The word ‘consolidation’ has been bandied about the construction industry quite a lot over the past 12 months, as mergers and acquisition activity caught the attention of not just the trade press but the mainstream national as well. It happened in the house building sector where the tie-up between George Wimpey and Taylor Woodrow – creating a £6.7 billion business in one of the biggest sales in the industry’s history – followed other major deals such as Barratt snapping up Wilson Bowden for £2.2 billion and Galliford Try’s £250 million swoop on Linden Homes.
In the materials sector HeidelbergCement’s purchase of Hanson created the second largest cement and building materials firm in the world. Indian steel giant Tata took out Corus following a pitched battle against Brazilian rival CSN and we wait with bated breath to find out which of the many buyers will pick up Tarmac after parent company Anglo American hung the ‘for sale’ sign on the business last month.
Yet, while these deals may have grabbed the broadsheet headlines, less attention has been paid to the prospect of consolidation in the construction contracting sector. Perhaps the reason for this is cynicism – after being told year after year to expect consolidation among the nation’s contractors many people in the industry may have stopped believing it when the evidence failed to materialise.
Upwardly mobile companies
For every major merger or acquisition that suggested consolidation, there was a smaller contractor making the jump up to the top table to keep the top end of the contracting sector as fragmented as ever. In fact, the general trend in terms of the number of large firms (those employing more than 1,200 people) from the mid-1990s into the first few years of the new century seemed to be that they were increasing in number rather than reducing through consolidation.
But are we seeing the first definitive signs that this situation is reversing? According to Government statistics in both 2004 and 2005 the number of large firms dropped. Whilst there had been one previous drop in numbers, in 2000, that had happened at a time when the total number of private firms of all sizes also dropped and the amount of work available to the larger firms had plummeted. Certainly at no point in this 10-year period has the industry seen back-to-back falls in the number of these major players.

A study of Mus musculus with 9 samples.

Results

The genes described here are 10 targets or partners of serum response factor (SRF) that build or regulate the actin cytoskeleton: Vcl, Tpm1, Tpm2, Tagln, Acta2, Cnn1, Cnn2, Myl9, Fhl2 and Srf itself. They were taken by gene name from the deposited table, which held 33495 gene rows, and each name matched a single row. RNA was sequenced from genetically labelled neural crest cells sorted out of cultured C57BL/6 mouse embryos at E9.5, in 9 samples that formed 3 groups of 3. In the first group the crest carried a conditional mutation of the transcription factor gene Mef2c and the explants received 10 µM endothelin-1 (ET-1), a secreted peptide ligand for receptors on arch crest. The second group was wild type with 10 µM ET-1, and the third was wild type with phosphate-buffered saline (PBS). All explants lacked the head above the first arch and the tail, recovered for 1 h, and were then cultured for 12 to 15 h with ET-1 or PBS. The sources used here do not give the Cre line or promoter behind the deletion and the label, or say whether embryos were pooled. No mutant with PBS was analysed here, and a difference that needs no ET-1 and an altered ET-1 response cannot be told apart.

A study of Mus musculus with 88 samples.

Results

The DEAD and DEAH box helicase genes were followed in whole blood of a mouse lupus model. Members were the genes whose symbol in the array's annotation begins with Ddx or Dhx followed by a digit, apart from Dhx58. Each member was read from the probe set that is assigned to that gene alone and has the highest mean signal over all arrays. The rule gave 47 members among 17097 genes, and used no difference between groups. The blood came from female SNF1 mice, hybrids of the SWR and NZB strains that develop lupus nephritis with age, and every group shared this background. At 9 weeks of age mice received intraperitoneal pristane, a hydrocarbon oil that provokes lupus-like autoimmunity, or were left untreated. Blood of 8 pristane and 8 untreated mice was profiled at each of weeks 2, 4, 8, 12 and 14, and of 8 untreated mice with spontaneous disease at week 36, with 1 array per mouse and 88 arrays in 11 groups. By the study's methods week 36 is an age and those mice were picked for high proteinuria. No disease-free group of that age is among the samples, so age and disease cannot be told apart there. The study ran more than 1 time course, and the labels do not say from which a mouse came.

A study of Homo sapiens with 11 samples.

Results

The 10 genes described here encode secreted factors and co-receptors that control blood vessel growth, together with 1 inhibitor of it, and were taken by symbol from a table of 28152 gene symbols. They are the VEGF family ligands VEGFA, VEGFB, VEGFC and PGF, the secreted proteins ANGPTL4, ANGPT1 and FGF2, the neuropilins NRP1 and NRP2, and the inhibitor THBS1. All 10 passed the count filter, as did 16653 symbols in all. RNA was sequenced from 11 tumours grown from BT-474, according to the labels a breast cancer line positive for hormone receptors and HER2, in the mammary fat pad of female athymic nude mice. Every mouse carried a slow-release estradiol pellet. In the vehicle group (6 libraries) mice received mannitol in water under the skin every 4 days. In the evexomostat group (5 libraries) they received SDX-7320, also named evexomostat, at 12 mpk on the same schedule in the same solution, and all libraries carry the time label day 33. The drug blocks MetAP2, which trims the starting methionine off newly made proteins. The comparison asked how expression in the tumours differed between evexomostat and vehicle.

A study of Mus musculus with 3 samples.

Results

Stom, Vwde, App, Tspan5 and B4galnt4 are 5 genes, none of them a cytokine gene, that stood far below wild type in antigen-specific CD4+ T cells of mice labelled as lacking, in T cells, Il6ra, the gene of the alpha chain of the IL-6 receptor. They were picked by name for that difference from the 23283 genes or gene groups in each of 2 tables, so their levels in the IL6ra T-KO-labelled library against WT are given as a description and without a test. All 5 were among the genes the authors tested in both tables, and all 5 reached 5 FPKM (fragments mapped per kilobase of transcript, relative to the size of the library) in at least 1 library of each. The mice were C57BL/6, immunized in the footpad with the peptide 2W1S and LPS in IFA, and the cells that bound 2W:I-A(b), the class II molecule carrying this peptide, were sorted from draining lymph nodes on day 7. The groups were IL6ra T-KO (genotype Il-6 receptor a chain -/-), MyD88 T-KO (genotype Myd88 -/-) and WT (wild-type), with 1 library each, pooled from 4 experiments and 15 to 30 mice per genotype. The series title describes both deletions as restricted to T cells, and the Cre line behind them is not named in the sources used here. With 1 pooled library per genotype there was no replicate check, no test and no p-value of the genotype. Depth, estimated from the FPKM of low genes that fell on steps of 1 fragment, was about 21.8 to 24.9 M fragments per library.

But do these statistics in any way reflect consolidation in the real world of construction? Anyone who has been watching the contracting sector over the past few years will have been able to see the evidence that it is with their own eyes.
Carillion took out Mowlem in early 2006 and since then there has been a wave of activity. Most active have been Rok, which has taken out a series of firms including Sol and Tulloch; Galliford Try, which preceded the Linden Homes deal by gobbling up Morrison’s construction division; and Morgan Sindall’s double buy of Gleeson MCL and Amec’s construction businesses. Skanska also grabbed McNicholas plc during this time.
Balfour's acquisitive nature
But the undisputed leader when it comes to such activity is also the biggest fish in the pond. Since it completed its acquisition of Mansell in early 2004 Balfour Beatty has seemingly made a commitment to an acquisition of a business a year in the UK to complement its current activities, either adding to its regional or subcontracting capability. Pennine was brought alongside the firm’s Stent piling operation in 2005 while buying Birse improved its regional civil engineering operations in 2006. Even as this supplement was being put together, the announcement came through that Cowlin had been snapped up to augment Balfour Beatty’s offering in the south and south-west.
So is this really the first definitive sign of true consolidation in the contracting sector? The Government’s next construction statistic annual is due to be published this month and should show whether the year-on-year drop in the number of large firms seen recently has continued. If activity among the major players is anything to go by, it seems sure this will be the case.